If you followed our rankings of the “most valuable” MLB players of 2013, we linked you up to our philosophical approach to baseball statistics: the mild protest against one-number stats and the specifics of our focus on the “Venn Diagram” overlap of “avoiding (hitters) or getting (pitchers) non-random outs” and “producing (hitters) or denying (pitchers) non-random offense.
And thus the “three numbers” approach:
- Nelson Cruz: 98-115-113 (average at avoiding outs; above-average at producing offense; above-average overall)
- Robinson Cano: 136-125-161 (well above-average in every way)
- John Buck: 70-81-51 (bad at avoiding outs; below-average at producing offense; below-average overall)
For minor leaguers we use the same approach, focusing on the same “three number” concept, but with a few wrinkles.
1) It is very important when looking a minor-league stats to keep an eye on the “age-arc.” Whether or not a player is at an “age-appropriate” level is very important. The stats of a player who is considerably older or more experienced than his opposition are suspect.
The “standard” age-arc that I follow is:
- Rookie or Short Season-A — 19
- Low-A — 20
- High-A — 21
- AA — 22
- AAA — 23
If a player is more than a year older than the above chart, I generally discredit the stats. As such, once a player is over age 25, I generally stop looking. Players who hang on in the minors at age 26 and above can start putting up impressive stats, but, in light of their experience, they don’t necessarily mean much (unless they dovetail with what came before).
On the other hand, stats posted by a player who is a year or more younger than his “standard” level are considerably more valuable.
I am going to try this year to indicate by a “+/-” notation whether a player is above or below “standard” age level.
2) A minor-leaguer needs to out-perform (in stat terms) the typical major-leaguer in order to show MLB potential. What I mean is: stats that would, for a major-league player, indicate a league-average performance, are not really sufficient to indicate MLB potential in a minor-leaguer (even when produced at an age-appropriate level).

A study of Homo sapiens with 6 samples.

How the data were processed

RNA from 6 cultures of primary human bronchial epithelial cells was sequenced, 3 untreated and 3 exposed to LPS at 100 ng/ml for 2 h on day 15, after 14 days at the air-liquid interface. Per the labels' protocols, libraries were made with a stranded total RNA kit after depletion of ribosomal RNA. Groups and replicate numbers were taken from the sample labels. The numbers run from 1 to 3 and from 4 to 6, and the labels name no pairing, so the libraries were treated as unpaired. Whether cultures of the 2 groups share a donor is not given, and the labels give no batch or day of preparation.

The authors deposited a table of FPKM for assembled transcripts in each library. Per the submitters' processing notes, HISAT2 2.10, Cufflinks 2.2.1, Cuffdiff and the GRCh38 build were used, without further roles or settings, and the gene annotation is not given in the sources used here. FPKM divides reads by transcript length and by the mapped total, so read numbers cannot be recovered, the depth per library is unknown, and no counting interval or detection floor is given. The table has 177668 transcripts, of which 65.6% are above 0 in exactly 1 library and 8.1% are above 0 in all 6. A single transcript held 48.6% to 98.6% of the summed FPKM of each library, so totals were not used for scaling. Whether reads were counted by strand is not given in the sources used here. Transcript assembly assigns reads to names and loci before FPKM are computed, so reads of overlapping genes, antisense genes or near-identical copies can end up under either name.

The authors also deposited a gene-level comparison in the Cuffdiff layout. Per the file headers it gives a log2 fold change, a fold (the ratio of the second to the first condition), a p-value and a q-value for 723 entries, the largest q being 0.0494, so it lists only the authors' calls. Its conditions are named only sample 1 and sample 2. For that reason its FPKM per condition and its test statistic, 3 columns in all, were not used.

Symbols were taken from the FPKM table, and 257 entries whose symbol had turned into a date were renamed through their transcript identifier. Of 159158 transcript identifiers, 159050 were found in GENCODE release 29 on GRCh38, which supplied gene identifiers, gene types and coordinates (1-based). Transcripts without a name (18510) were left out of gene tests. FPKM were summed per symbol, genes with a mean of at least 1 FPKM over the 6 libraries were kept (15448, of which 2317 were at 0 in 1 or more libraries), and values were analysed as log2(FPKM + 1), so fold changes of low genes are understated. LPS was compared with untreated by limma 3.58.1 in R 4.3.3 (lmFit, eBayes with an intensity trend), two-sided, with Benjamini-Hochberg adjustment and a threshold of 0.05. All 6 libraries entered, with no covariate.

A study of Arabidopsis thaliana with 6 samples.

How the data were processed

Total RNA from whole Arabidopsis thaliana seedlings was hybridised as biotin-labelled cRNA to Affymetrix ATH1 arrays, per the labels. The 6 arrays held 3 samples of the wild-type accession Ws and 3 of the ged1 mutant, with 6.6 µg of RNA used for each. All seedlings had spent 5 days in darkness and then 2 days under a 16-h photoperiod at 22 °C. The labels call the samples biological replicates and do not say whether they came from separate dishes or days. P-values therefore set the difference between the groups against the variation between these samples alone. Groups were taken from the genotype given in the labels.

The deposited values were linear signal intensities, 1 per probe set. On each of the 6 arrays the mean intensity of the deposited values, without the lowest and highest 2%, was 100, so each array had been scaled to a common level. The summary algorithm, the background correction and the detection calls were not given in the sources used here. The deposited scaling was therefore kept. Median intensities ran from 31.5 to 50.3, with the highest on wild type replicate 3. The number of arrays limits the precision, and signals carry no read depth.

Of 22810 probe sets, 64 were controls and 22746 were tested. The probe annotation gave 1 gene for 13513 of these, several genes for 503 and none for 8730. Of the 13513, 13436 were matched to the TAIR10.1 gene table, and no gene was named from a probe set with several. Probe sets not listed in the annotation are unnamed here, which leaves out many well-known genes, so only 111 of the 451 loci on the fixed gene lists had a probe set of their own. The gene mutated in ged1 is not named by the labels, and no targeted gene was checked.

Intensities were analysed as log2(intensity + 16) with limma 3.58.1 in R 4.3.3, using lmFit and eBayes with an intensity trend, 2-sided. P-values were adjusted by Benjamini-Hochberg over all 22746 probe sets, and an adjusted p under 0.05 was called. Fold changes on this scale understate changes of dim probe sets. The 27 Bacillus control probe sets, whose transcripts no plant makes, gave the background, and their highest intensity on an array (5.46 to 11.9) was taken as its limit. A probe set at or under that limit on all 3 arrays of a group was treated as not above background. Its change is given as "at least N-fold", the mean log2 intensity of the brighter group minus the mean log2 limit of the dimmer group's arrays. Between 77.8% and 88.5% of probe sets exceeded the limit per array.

I go by a “rule of thumb” which is based on observation of hundreds of cases of minor-league stats, but which I did not systematically derive. It is this: a minor leaguer in an age-appropriate league needs to demonstrate at least 115% of MLB average production in order to be indicating a reasonable likelihood of MLB success.
In other words, a guy putting up “average” numbers in the minors is not a good bet. Guys who succeed in the majors were not “average” in the minors — they were above-average.
Thus, for minor-league stats, I set the “100” mark at 115% of the 10-year MLB average for that category. So a player who hits exactly the 10-year MLB average in the majors would have a 100-100-100 result, a player posting the same numbers in the minors would have a line of 85-85-70 (it’s 70 because the 15% difference in each category cumulates in the composite score).
This is so that it can be “easy” to spot the guys with MLB potential: their scores will be over 100.
Guys scoring less than 100 have not really shown MLB potential (statistically) yet.
3) Hitters who go on to long-term MLB success almost always show that ability in the minors by age 23. The same is not true for pitchers, by the way. But I have yet to find a hitter who ended up with long-term success in the majors who didn’t show hitting ability in the minors by his age-23 season. When a guy starts hitting well at 24 or 25, I don’t take it as seriously.
4) All of the exotic splits and what-not that folks have come to enjoy for major-league players can be found, but they are not necessarily accurate. The minor-league box scores are pretty accurate, but the “Gameday” data that goes into the splits and exotic stats is not. Even at the AA level, we’ve found some pretty major issues. So apply skepticism to any splits or stats that are dependent on non-traditional record-keeping like “line-drive %” or “swing-and-miss %.”